Currently, the contemporary economic systems of different countries face a long time menace, which threatens their natural evolution. Stephen Hicks explains why markets ended up being captured by political processes in this context; also the reasons why different types of social agents and their interactions, led to this sort of relationship with governments. He tells how protective actions, towards individuals, resulted into predatory situations, as well as the relationship that private producers have been forced to develop with the welfare state; describing, in addition, the different types of hazardous scenarios that these associations produce, along with the effects they have on society.
Philosophy and the Evolution of the Mixed Economy Stephen Hicks
Student Center Building, CE-200 Universidad Francisco Marroquín Guatemala, November 6, 2011
A New Media - UFM production. Guatemala, December 2011 Camera/digital editing: Luis Barrueto; index and synopsis: Sergio Bustamante; content reviser: Sofía Díaz; publication: Daphne Ortiz, Sofía Díaz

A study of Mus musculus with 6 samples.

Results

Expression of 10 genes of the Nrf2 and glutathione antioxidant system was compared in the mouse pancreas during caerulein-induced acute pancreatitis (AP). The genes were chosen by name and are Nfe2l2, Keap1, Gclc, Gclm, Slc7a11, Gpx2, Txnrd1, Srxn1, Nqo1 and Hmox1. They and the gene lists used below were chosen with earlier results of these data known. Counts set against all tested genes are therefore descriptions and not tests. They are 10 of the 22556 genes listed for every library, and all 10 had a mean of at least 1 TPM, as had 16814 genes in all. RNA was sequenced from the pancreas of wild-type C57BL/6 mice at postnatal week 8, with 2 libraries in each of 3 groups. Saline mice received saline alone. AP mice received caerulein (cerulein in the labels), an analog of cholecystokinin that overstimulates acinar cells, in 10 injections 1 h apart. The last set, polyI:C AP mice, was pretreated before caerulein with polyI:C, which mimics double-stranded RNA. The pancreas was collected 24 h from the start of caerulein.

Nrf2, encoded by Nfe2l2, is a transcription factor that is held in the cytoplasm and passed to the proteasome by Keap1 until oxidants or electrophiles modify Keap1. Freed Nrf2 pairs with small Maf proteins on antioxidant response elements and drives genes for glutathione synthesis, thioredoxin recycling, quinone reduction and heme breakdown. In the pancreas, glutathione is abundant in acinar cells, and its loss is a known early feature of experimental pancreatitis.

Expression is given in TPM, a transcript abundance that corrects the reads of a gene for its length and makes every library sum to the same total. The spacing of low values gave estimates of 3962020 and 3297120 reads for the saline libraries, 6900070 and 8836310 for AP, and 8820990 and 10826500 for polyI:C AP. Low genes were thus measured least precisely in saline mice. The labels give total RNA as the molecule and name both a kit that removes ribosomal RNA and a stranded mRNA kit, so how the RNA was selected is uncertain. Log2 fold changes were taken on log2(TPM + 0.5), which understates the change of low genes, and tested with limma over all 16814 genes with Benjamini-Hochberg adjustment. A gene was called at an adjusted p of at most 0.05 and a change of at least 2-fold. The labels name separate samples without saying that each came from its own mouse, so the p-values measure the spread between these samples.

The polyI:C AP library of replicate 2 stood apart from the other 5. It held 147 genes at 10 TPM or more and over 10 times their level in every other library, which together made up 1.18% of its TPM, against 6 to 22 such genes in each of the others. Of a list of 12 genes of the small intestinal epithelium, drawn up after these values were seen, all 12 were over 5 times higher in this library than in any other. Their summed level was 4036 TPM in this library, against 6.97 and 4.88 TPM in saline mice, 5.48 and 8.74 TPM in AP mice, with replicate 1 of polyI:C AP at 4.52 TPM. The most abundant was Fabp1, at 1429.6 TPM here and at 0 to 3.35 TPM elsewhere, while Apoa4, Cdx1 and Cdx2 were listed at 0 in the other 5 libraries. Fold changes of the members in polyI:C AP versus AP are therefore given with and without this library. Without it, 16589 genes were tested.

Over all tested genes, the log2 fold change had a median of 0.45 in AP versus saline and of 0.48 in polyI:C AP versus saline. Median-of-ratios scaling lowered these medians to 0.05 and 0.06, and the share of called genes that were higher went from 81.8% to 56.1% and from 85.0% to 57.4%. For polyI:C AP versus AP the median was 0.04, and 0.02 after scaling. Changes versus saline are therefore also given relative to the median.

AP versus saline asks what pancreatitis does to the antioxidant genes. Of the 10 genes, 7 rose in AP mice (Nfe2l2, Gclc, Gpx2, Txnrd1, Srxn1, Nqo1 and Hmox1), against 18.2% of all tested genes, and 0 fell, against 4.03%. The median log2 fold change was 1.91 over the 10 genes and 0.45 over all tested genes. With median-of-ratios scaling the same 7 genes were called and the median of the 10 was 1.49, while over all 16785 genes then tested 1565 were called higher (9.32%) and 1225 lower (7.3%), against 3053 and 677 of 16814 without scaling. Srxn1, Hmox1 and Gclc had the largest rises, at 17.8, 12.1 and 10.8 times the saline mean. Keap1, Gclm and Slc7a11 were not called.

This work is licensed under a Creative Commons 3.0 License Este trabajo ha sido registrado con una licencia Creative Commons 3.0
Stephen Hicks is professor of philosophy and executive director of the Center for Ethics and Entrepreneurship at Rockford College. He has been visiting professor of business ethics at Georgetown University, a visiting fellow at the Social Philosophy and Policy Center in Bowling Green, Ohio, and senior fellow at The Objectivist Center in New York. He is the author of Nietzsche and the Nazis, Explaining Postmodernism: Skepticism and Socialism from Rousseau to Foucault, Readings for Logical Analysis, and other books. Hicks received his bachelor's and master's degrees from University of Guelph and his PhD in philosophy from Indiana University.